The Baltic Dry Index (BDI), an indicator of the shipping rates for bulk commodities, climbed 50 percent over the course of November, but the OPEC deal to reduce oil production and other issues could prove harmful to the industry, according to experts.
Earlier in the week, members of OPEC agreed to reduce oil production in order to reduce oversupply. The decision was great news for oil prices and commodity stocks, but may prove to be a big negative for the shipping tanker industry, according to Rahul Kapoor, director of Drewry Financial Research Services.
“Shipping is a volume game, so higher OPEC production has supported the tanker rates over the past few years,” Kapoor said.
“We don’t have the numbers yet, we don’t know how much has been cut and we’ll have to look at the compliance, but if all were to come true in terms of cuts, this would be negative for the market.”
Following the announcement on Wednesday that an OPEC deal would be achieved, shares in several tanker companies fell. For instance, shares in Belgium-based crude oil shipping company Euronav have fallen around 9 percent since Wednesday morning, and shares in KNOT Offshore partners are down around 2.3 percent.
Despite this, rates in the shipping industry have been improving in recent months.
The BDI hit an all-time low of 290 in February, but has gradually recovered due to growing demand. The index shot up from around 830 at the start of November to around 1,200 points by the start of December.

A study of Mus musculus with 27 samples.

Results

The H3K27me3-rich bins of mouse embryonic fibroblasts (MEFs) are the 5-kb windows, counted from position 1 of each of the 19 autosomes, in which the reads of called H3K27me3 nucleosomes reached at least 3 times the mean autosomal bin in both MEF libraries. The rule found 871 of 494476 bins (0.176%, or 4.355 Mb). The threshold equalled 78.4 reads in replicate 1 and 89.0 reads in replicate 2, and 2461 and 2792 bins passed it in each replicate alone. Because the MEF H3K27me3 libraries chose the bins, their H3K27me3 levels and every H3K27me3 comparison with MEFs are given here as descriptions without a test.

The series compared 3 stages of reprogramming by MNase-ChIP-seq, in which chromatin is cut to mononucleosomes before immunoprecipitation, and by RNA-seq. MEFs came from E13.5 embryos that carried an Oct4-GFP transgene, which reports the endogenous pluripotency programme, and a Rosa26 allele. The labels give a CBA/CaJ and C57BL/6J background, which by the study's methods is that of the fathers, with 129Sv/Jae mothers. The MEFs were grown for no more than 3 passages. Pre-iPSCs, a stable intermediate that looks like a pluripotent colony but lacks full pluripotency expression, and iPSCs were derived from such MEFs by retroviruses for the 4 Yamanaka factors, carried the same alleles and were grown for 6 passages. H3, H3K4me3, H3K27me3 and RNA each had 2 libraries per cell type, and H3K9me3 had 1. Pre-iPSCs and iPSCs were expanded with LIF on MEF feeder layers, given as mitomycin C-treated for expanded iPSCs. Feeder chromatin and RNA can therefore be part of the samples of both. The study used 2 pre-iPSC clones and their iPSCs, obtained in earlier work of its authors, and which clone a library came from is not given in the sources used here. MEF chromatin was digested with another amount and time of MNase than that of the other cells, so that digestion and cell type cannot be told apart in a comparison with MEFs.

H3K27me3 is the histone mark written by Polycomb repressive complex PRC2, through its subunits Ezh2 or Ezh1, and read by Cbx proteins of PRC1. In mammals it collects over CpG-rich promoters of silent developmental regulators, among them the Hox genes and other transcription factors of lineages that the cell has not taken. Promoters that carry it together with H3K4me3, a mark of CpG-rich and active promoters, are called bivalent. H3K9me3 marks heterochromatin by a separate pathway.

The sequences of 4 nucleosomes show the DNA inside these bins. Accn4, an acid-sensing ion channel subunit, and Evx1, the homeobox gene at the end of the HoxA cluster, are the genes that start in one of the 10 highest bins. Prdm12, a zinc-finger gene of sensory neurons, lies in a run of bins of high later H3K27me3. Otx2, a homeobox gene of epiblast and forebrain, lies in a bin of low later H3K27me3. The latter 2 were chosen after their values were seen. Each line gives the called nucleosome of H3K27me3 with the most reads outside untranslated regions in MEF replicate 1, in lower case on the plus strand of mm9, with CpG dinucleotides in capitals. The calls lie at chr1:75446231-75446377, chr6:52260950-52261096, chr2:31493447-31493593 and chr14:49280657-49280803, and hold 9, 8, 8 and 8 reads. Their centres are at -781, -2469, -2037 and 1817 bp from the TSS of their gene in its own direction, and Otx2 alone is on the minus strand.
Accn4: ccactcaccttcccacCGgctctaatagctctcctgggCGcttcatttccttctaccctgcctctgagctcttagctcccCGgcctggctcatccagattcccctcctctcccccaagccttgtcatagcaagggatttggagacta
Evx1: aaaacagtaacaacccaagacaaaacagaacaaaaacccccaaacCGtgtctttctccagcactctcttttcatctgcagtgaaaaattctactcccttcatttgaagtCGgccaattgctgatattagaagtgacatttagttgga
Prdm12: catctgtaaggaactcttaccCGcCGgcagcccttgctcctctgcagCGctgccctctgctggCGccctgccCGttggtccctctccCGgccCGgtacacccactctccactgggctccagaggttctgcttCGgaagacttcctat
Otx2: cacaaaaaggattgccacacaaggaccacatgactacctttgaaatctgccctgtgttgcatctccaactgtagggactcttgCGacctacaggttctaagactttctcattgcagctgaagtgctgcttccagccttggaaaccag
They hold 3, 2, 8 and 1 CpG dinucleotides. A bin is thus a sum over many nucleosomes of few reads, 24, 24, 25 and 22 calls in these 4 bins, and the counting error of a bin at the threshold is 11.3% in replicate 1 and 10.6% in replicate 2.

This movement was driven by the capesize segment of the BDI (these are the largest ships used for transporting coal and other raw materials), explained Kapoor.
“That had a pretty big move, basically the rates went up from around $5,000 (per day to hire a vessel) to all the way up to $15,000 to $18,000. That’s why the move in the Baltic Dry Index looks very amplified,” he told CNBC during a phone interview.
Shipping rates have been recovering for the last six months as China’s economy stabilized, according to Kapoor. Year-to-date, the index is up around 150 percent.
“At the start of the year, we were penciling in a very, very negative demand growth from China, but demand growth has been pretty good from the last few quarters.”
However, problems remain for shipping and rates are still historically low, according to Zvi Schreiber, CEO of freight rate database Freightos.
“Despite the recent uptick in maritime prices, overcapacity continues to impact carriers; 2016 prices were close to 50 percent lower than 2014 ocean prices,” he told CNBC via email.
Market consolidation, such as Moller-Maersk’s announcement this week about buying the German shipping line Hamburg Süd, may not be enough to improve rates.
“Acquisitions by the carriers with large enough war chests to weather the storm is inevitable but fewer ship owners doesn’t mean fewer ships or less capacity. It may bring a brief respite but the underlying overcapacity has not changed and is in fact getting worse,” Schreiber said.